The blockbuster diabetes drug has significant benefits — but also, for some people, significant risks

Q. I recently saw an ad for a lawsuit involving the diabetes drug Actos. Is it safe for me to continue taking it?

A. That all depends.

Pioglitazone (Actos) and a similar drug, rosiglitazone (Avandia), are in a class of medications known as thiazolidinediones, which are used to treat type 2 diabetes. In August 2012, the U.S. Food and Drug Administration (FDA) approved the first generic versions of pioglitazone.


The drugs also carry a warning of a possible increased risk of bladder cancer based on the FDA's analysis of five-year results from an ongoing, 10-year study in California. While the analysis found no overall increased risk of bladder cancer associated with the use of pioglitazone, it did find a slightly increased risk among patients with the longest exposure to — and highest cumulative doses of — the drug. So if you have a history of bladder cancer, or have other risk factors for bladder cancer, you also may want to avoid the drugs.

Still, pioglitazone works so well in older patients that, in my judgment, the benefits outweigh the possible risks for most people. For the reasons mentioned above, if you take pioglitazone, you and your doctor or other health professional should carefully watch for signs or symptoms of heart failure. These include shortness of breath (dyspnea) when you exert yourself or when you lie down, sudden weight gain, or swelling in your legs, ankles and feet. This is especially important when you start taking the drug and whenever there is a change in dosage. Your physician or other health professional should see you on at least a monthly basis until your optimal dose is reached, and after that evaluate your hemoglobin A1c and physical condition at 90-day intervals.

Patients who take pioglitazone also should do a couple of simple self-checks every day. The first is to press a finger into one of their ankles and make sure that there's no indentation left behind when they lift it. If the indentation remains, it's a sign of edema. The second is to make sure they're able to breathe freely when lying down without having to use a pillow to elevate their head. If they should experience trouble breathing, they should get to an emergency room right away.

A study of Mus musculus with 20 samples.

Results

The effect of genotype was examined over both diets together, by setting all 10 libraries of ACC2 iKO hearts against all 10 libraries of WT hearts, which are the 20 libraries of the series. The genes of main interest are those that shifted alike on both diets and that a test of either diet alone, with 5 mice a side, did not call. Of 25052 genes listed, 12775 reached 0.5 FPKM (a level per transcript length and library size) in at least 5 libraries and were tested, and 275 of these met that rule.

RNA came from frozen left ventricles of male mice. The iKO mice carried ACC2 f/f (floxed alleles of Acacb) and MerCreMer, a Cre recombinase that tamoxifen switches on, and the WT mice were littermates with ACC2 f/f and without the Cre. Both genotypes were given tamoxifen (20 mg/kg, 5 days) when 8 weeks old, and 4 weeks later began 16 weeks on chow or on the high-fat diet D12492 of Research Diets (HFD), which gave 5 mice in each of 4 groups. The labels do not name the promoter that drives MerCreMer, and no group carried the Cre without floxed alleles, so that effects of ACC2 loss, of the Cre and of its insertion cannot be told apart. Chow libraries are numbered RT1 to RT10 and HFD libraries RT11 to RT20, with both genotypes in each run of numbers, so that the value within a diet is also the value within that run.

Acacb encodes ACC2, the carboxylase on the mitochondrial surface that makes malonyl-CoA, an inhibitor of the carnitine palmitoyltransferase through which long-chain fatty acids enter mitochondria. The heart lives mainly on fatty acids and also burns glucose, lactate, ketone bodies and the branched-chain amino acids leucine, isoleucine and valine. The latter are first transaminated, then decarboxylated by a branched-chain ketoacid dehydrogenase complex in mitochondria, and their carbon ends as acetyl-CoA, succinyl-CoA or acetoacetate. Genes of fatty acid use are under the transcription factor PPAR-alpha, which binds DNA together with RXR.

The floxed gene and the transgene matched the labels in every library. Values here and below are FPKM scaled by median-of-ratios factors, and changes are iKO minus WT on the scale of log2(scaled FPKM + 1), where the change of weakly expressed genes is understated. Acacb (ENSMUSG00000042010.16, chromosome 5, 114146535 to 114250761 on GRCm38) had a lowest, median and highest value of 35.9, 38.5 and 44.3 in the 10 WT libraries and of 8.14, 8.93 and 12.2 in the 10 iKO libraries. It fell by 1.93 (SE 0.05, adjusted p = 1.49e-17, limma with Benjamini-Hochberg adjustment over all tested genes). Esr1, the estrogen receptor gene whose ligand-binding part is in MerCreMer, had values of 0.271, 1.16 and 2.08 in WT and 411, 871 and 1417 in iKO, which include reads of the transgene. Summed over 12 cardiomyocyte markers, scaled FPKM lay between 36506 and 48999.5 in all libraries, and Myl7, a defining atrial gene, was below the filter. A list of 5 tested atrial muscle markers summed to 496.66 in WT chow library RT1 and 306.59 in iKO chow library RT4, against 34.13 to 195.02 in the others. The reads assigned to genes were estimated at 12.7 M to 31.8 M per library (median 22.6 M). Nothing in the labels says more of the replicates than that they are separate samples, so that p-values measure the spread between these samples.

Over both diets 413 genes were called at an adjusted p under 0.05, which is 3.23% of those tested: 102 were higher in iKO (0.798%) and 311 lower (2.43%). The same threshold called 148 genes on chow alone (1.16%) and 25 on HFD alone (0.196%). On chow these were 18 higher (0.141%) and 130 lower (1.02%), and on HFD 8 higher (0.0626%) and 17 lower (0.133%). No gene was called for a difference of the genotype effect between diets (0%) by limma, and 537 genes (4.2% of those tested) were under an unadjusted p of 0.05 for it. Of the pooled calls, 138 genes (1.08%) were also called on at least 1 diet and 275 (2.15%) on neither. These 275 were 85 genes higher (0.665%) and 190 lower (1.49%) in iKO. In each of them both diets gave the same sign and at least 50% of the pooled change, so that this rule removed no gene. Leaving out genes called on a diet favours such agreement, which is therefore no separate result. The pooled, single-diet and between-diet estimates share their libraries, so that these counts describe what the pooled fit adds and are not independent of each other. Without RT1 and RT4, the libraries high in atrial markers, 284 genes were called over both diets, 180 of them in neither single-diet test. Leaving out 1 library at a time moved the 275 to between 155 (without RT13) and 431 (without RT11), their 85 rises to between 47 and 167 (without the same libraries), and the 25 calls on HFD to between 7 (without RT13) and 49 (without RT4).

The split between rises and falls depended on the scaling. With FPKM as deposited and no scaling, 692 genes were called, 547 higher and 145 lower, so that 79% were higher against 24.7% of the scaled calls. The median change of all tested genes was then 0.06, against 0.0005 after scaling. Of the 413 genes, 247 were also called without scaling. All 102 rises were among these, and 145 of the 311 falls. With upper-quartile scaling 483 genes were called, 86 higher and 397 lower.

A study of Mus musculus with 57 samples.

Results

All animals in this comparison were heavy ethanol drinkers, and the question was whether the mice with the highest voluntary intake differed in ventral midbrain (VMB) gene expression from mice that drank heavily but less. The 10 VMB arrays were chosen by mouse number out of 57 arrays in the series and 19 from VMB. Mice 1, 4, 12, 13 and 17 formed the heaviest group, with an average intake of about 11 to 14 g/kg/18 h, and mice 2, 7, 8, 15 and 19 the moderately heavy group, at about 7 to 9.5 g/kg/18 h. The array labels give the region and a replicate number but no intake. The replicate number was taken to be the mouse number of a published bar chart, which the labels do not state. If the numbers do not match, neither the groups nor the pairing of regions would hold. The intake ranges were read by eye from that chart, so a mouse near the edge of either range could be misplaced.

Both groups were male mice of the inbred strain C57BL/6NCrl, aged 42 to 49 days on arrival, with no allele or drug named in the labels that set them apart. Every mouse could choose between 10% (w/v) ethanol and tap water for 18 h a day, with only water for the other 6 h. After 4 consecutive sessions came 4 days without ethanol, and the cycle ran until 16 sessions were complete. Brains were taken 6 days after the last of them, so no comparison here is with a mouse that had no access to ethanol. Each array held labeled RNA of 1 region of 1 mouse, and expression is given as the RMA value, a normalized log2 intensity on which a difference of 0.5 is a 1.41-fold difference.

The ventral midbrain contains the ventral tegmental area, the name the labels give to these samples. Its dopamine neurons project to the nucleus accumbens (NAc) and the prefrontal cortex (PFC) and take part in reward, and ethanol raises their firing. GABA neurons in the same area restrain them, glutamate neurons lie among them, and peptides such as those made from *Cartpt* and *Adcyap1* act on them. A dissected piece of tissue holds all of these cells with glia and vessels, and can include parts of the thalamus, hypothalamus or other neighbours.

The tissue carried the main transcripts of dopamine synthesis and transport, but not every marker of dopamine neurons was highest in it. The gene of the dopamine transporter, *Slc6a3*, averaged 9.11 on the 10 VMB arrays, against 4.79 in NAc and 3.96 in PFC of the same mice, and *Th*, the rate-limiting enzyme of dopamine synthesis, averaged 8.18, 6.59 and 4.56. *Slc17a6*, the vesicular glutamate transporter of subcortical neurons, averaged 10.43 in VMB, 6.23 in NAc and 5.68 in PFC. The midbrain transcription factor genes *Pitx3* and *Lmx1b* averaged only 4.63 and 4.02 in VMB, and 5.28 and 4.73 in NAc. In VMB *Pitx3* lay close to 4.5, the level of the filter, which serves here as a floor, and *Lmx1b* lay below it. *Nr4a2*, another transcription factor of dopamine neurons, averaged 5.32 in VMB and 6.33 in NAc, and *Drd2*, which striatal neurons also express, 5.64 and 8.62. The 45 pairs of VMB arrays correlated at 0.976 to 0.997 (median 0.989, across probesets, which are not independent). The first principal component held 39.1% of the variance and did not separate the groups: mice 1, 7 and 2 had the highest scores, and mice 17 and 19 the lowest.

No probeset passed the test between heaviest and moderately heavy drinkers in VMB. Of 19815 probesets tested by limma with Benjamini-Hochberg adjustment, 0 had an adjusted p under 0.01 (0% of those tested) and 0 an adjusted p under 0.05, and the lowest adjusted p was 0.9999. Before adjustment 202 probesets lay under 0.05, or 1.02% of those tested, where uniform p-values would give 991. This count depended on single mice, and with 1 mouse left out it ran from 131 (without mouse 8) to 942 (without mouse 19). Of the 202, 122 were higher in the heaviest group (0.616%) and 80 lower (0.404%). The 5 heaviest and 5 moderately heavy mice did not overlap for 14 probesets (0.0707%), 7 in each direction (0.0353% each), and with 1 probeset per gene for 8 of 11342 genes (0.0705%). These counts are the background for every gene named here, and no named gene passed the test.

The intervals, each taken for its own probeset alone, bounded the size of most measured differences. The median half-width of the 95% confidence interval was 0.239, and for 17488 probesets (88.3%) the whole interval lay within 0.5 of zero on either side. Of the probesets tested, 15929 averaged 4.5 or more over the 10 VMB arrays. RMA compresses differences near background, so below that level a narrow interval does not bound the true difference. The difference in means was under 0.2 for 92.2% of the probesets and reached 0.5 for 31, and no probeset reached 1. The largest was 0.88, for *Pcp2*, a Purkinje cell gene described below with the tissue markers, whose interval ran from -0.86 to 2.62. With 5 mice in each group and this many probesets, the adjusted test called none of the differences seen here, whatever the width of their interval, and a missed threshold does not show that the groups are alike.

Fnally, it's important to remember that older patients do not need to keep their blood glucose levels quite as low as younger patients need to. While the American Geriatrics Society recommends that "a reasonable goal for A1c in relatively healthy adults with good functional status is 7 percent or lower," I find that an appropriate target for older people is 7 or to 9 percent.

Although metformin — either alone or with glipizide or glimepiride — is often cited as the treatment of choice for people with type 2 diabetes, it's nearly always the wrong treatment for older patients, who typically lack the ability to flush the drugs out of their kidneys before they accumulate at toxic levels. Because pioglitazone is metabolized in the liver, not the kidneys, it's typically the best way to control type 2 diabetes in older patients.

Ask the Pharmacist is written by Armon B. Neel Jr., PharmD, CGP, in collaboration with journalist Bill Hogan. They are coauthors of Are Your Prescriptions Killing You?, which was published in July by Atria Books.